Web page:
Police from Hong Kong’s national security department have arrested five members of a trade union. The five, detained early on Thursday morning, are being held on suspicion of “conspiring to publish seditious publications” under section 10 of the Crimes Ordinance. 

The two men and three women, aged 25 to 28, are being held for further investigation, the force told HKFP.

National security law
Photo: GovHK.

The five are members of The General Union of Hong Kong Speech Therapists, according to local media reports.

The department has also frozen around HK$160,000 of the union’s assets.

“They are suspected of conspiring to publish, distribute, display or replicate seditious publications between mid-last year and this year, with the intention to cause hatred, incite the use of violence and to not abide by the law among members of the public, especially in children, towards the SAR government and Hong Kong judiciary.” its statement read.

Sheep village story book

The union had published a series of children’s story books called “Sheep Village Guardian” to help parents and teachers teach five to eight year old children about “events in Hong Kong in 2019.” During that time, the city saw city-wide pro-democracy protests and unrest against a bill that would have allowed people to be extradited to China.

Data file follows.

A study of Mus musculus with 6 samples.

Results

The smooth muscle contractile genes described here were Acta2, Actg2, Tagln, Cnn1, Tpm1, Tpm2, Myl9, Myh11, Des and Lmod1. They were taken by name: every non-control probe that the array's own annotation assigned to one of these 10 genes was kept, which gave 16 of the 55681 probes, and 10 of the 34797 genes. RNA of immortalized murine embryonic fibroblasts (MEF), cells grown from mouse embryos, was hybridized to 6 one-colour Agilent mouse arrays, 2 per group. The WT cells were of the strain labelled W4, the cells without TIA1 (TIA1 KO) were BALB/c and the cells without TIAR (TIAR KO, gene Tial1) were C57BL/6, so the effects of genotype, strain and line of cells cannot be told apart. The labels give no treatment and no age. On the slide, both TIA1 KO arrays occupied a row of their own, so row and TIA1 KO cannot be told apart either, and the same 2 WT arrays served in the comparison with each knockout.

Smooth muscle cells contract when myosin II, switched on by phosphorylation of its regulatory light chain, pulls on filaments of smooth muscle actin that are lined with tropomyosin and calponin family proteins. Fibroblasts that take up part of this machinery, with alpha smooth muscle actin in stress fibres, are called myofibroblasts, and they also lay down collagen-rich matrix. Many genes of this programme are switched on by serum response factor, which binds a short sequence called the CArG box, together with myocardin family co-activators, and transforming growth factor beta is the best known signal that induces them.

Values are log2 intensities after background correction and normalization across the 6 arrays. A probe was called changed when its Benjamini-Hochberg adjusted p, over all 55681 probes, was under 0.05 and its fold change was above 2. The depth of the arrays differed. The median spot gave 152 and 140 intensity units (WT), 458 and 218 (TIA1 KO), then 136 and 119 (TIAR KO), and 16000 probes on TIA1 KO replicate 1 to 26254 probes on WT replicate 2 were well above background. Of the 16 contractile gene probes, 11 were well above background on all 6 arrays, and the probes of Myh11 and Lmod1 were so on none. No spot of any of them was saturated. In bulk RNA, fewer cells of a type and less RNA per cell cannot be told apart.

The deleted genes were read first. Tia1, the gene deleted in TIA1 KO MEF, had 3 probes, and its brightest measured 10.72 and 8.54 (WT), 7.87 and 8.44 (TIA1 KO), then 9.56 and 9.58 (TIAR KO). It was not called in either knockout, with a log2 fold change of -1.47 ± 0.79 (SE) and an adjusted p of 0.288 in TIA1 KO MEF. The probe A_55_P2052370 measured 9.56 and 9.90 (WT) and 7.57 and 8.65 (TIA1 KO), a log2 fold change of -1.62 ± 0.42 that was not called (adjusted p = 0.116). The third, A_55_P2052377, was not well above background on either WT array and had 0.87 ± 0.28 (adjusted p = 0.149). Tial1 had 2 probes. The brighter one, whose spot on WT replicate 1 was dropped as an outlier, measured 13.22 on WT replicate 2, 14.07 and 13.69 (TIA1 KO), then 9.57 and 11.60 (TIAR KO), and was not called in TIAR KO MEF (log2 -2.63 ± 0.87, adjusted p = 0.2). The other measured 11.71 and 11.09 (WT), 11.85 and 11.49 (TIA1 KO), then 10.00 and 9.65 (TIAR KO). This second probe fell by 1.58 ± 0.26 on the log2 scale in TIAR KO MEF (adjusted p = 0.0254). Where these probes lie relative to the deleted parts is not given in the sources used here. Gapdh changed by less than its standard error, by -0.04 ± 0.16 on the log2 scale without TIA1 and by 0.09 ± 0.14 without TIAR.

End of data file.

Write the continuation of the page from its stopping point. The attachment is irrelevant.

One story describes how a village of sheep resisted an invasion by wolves.

The police warned members of the public against publishing “seditious” material and to “not glorify violence.” It added that the operation was ongoing and did not rule out further arrests.

Hong Kong judiciary Court of Final Appeal
Court of Final Appeal. File photo: GovHK.

People found guilty of violating section 10 of the Crimes Ordinance are liable to a fine of HK$5,000 and up to two years in prison.

Support HKFP  |  Policies & Ethics  |  Error/typo?  |  Contact Us  |  Newsletter  | Transparency & Annual Report | Apps

legal precedents hong kong
security law transformed hong kong
contact hkfp

Rhoda Kwan is HKFP's Assistant Editor. She has previously written for TimeOut Hong Kong and worked at Meanjin, a literary journal. She holds a double bachelor’s degree in Law and Literature from the University of Hong Kong.